Six years ago today, Paul Scholes announced he would lace up his boots once again in order to help address an injury crisis at Old Trafford.
The midfielder helped United to the 2013 Premier League title before retiring once more, choosing to stay on an extra season after losing out to Manchester City in 2012.
In Scholes’ honour, we decided to look back at some of the best players who decided enough just wasn’t enough, and made a return to high-level football after their retirement.
Having left Arsenal in 2008, Lehmann called it a day in 2010 but returned a year later when three of Arsene Wenger’s goalkeepers were out injured.
Lehmann put aside his feud with Manuel Almunia to sign as back-up but, after the Spaniard was injured in the warm-up ahead of a clash with Blackpool, the 42-year-old stepped in and played his part in a 3-1 win.
Following his initial retirement in 1978, Cruyff cited financial reasons for his prompt return to football with Los Angeles Aztecs, having reportedly been scammed in Spain with false investments.
“I had lost millions in pig-farming and that was the reason I decided to become a footballer again,” he said at the time, going on to play for six further years, including a successful return to Holland with boyhood club Ajax and Feyenoord.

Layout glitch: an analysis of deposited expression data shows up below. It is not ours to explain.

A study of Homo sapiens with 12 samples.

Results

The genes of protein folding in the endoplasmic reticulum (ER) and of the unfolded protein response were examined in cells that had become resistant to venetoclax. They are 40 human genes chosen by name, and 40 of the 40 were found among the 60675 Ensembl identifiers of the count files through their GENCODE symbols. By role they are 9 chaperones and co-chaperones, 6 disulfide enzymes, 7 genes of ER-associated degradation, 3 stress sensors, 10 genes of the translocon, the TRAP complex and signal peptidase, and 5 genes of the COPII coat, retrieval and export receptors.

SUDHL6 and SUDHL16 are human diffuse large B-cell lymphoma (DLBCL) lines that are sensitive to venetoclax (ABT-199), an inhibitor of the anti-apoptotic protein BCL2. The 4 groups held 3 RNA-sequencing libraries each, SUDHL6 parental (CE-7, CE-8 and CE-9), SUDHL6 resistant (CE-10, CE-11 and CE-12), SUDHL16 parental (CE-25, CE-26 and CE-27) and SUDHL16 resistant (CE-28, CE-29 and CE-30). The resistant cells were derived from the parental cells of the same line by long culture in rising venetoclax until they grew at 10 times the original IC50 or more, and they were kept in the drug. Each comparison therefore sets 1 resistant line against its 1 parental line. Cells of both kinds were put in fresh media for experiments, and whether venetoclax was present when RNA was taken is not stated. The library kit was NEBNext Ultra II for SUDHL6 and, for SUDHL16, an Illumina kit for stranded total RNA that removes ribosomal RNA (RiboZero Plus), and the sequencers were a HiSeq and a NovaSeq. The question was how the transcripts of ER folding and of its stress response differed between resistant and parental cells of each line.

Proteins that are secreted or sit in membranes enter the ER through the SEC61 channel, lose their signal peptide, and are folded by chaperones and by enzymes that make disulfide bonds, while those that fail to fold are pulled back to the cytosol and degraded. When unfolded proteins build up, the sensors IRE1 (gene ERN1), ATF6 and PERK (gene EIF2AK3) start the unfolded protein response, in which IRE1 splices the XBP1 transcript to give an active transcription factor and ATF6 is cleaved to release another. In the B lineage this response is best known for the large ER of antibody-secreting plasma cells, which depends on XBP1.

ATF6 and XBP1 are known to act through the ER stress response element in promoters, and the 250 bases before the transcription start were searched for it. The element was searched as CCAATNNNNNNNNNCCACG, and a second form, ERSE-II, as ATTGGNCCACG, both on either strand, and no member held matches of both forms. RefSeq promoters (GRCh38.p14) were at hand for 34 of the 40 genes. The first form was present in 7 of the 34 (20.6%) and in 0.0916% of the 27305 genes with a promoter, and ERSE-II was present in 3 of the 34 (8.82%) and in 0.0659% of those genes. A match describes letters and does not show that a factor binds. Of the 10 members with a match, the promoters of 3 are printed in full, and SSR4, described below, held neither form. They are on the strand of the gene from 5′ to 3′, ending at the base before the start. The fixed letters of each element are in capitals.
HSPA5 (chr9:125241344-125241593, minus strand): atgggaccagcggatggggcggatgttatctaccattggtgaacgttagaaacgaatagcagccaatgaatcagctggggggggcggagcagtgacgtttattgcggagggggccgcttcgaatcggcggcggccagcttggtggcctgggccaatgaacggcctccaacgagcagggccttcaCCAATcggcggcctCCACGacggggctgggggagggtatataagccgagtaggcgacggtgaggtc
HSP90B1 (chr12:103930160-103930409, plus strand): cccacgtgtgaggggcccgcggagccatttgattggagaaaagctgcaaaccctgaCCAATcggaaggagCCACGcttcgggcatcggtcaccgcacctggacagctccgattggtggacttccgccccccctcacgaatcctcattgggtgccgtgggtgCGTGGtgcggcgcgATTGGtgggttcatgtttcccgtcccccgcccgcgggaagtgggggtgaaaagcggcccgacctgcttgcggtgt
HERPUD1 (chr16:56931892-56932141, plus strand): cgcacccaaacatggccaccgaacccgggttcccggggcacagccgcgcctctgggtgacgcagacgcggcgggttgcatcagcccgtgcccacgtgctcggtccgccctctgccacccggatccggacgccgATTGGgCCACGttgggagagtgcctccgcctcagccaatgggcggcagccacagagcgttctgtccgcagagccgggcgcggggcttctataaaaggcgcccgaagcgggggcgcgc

Stating he felt like a coward for not “stepping up to the plate”, he signed for LA Galaxy just a few months later, and became the first openly gay athlete to play in a top American professional sports league.
Now retired permanently due to persistent injuries, his story might be an important one in years to come.
After being released by Newcastle at the end of the season, Carr chose to hang up his boots in 2008 as he couldn’t find a club.
He did promptly return, however, signing for Birmingham in 2009. Twelve years after winning the League Cup with Tottenham, Carr captained the Blues to glory with a famous victory over Arsenal.
If Milla had his way, nobody would ever have witnessed that famous corner flag wiggle, as the Cameroon striker attempted to retire a year before his heroics at Italia ’90.
Bringing his playing career to an end in 1989, Milla moved to the Indian Ocean island of Reunion, but was called back for duty by Cameroon’s president Paul Biya.
Not content with the one World Cup, the forward carried on playing until the next, and at the age of 42 he was the oldest player to appear in the competition until his record was broken by Faryd Mondragon in 2014.
Roa, who Michael Owen scored *that* goal against in the 1998 World Cup, retired the following summer to take a religious retreat, despite reaching the final of the Copa Del Rey and Cup Winners’ Cup and winning the Spanish Supercup.
The Argentine refused to discuss a new contract at Mallorca because he believed the world was going to end. When it didn’t, he sheepishly returned to play out his contract.
Having initially declined, the tricky forward re-signed for his first club, Go Ahead Eagles.
MLS’ all-time top scorer retired in 2014, but was asked to return in 2016 while working as a pundit on a game which saw three first-team players go off injured.
He couldn’t help them to yet another MLS title though, and the two-time Everton loanee retired once more at the end of the season.